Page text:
What Disney does better than anyone else out there, and has for fifty years, is take real-life science and fill it with all the wonder that the people involved feel for it. ROVING MARS is a prime example. This 40-minute documentary about exploring the red planet for signs of life, past or present, with the Mars Rover robots is told by the scientists tasked with the job and there is no one better when it comes to engaging minds young and old with their infectious enthusiasm. Originally presented as an IMAX feature, it translates remarkably well to the small screen. That would be because the story of getting there is just as compelling as that strange martian landscape with the pink-tinted sky. And make no mistake, the amazing shots of the red planet with which this DVD are packed, are nothing short of breathtaking
Those scientists have a way with words that belies the dry sort of number crunching that makes up the bulk of their work. The Principle Science Investigator Steve Squyers is a prime example. When he describes the arm on the Rover that will collect soil samples for testing on the Rover’s internal labs, he doesn’t just explain the design, he actually acts it out, curling and extending his arm in a dead-on impersonation of the robotic action. It’s hardly a surprise, when he talks about the two identical Rovers being sent to Mars, he talks about their distinct personalities, the troublesome older sibling, and the compliant younger one. And while that’s cute, it’s also insight into how this scientific mind works, and by extension, how all the other scientific minds on this project work. It’s imagination that drives everything, the sort of imagination that can liken sending the two Rovers to a specific landing spot on Mars to shooting a basketball from Los Angeles to a hoop in New York and having not only make the basket, but clear the rim as well.
There is also an amazing resiliency. The odds are long, two-thirds of all Mars missions fail, but the lure of discovering if life ever existed there, or if it might still be there, is palpable in these people. A parachute failure during a test run in the desert isn’t disheartening so much as it is a chance to get back in the wind tunnel and try again.
The facts and figures of building robots and getting them to Mars are spelled out, but it’s musings such as Sguyers’ as he looks at one of the Rovers before launch and thinks that once it’s launched, no human eyes will ever look directly at it again that stick with the audience. These aren’t just scientists, they are poets.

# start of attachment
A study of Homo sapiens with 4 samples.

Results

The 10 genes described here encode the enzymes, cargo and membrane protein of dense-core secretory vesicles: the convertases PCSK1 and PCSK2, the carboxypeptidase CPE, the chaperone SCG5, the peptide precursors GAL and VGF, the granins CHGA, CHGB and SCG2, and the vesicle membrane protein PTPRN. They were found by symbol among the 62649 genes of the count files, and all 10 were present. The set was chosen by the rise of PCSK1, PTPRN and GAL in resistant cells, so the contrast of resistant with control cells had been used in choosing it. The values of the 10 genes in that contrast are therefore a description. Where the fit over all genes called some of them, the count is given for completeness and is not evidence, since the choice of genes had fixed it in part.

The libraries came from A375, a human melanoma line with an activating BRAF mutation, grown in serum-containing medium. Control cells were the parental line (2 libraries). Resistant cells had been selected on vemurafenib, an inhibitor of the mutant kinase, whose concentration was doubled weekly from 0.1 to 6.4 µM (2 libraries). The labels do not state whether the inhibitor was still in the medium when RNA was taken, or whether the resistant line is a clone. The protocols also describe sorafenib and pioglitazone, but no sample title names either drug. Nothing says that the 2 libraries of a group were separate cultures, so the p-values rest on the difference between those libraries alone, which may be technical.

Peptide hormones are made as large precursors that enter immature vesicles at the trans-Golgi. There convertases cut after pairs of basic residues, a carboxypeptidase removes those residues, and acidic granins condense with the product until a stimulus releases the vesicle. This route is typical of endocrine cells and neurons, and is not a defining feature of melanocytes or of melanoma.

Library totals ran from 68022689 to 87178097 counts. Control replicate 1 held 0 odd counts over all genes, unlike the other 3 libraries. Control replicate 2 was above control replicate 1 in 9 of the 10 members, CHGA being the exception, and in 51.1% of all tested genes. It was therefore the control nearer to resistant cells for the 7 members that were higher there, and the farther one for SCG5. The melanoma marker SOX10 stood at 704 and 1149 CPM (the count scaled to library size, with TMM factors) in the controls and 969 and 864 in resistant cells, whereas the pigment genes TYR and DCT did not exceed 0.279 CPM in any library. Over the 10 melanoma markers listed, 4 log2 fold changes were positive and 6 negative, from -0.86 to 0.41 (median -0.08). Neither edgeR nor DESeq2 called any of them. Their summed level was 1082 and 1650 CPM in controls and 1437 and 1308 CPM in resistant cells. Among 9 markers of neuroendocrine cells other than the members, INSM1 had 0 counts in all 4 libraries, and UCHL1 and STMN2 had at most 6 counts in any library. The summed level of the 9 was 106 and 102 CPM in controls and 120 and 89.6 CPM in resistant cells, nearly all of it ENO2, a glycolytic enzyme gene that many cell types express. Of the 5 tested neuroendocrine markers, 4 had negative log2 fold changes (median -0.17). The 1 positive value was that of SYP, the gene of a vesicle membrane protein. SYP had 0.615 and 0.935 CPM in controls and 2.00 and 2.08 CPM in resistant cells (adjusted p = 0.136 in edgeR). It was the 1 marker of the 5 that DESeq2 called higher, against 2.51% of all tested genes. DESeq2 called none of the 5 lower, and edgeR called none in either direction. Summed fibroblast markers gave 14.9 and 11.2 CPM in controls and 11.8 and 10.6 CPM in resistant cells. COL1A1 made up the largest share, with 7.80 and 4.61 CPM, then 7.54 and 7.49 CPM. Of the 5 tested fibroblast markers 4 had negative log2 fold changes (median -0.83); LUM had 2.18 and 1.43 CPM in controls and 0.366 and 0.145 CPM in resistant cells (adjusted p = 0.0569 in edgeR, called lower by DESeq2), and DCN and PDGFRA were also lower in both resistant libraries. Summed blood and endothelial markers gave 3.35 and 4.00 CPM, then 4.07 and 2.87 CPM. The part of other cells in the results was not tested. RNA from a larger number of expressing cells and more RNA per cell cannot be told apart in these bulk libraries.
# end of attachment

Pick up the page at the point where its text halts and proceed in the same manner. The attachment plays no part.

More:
The DVD includes a mini-doc with those scientists, as well as the filmmakers, reminiscing on the place of Mars in particular, and space exploration in general, in their lives. Producer Frank Marshall recalls the magic of watching Sputnik fly overhead when he was a kid. Director George Butler talks about coming up with the idea to send IMAX cameras to Mars and how he made that dream come true. For fun, there’s MARS AND BEYOND, a 1957 documentary narrated in stentorian tones by Orson Welles. Introduced by Walt himself and his robot pal, Darko, using whimsical animation at least as imaginative as the subject matter at hand, it begins with a brief history of astronomy, including fire-breathing constellations wreaking havoc on a hapless early farmer, and moves to the various speculations over the centuries about life on other planets, particularly Mars. There is something irresistible about the precision some early science-fiction authors gave to their flights of fancy about denizens of other worlds. The people on Jupiter, for example, fear the enormous horses that live there according to one from the 18th century. Finally, the hard science of the day gets a more serious, highly refined and detailed Disney animation treatment as a billions of years are condensed into a sequence that starts with the formation of the solar system and then goes on to speculate how a less fanciful form of life might have taken hold on Mars.
ROVING MARS is a mind-expanding experience on every level. Mixing state-of-the-art animation and actual pictures from the Martian surface, from getting the Rovers launched, to the first rock they cracked on the surface of Mars, to the weird and wonderful things they found, this is a gripping mystery, adventure, and science lesson rolled into one.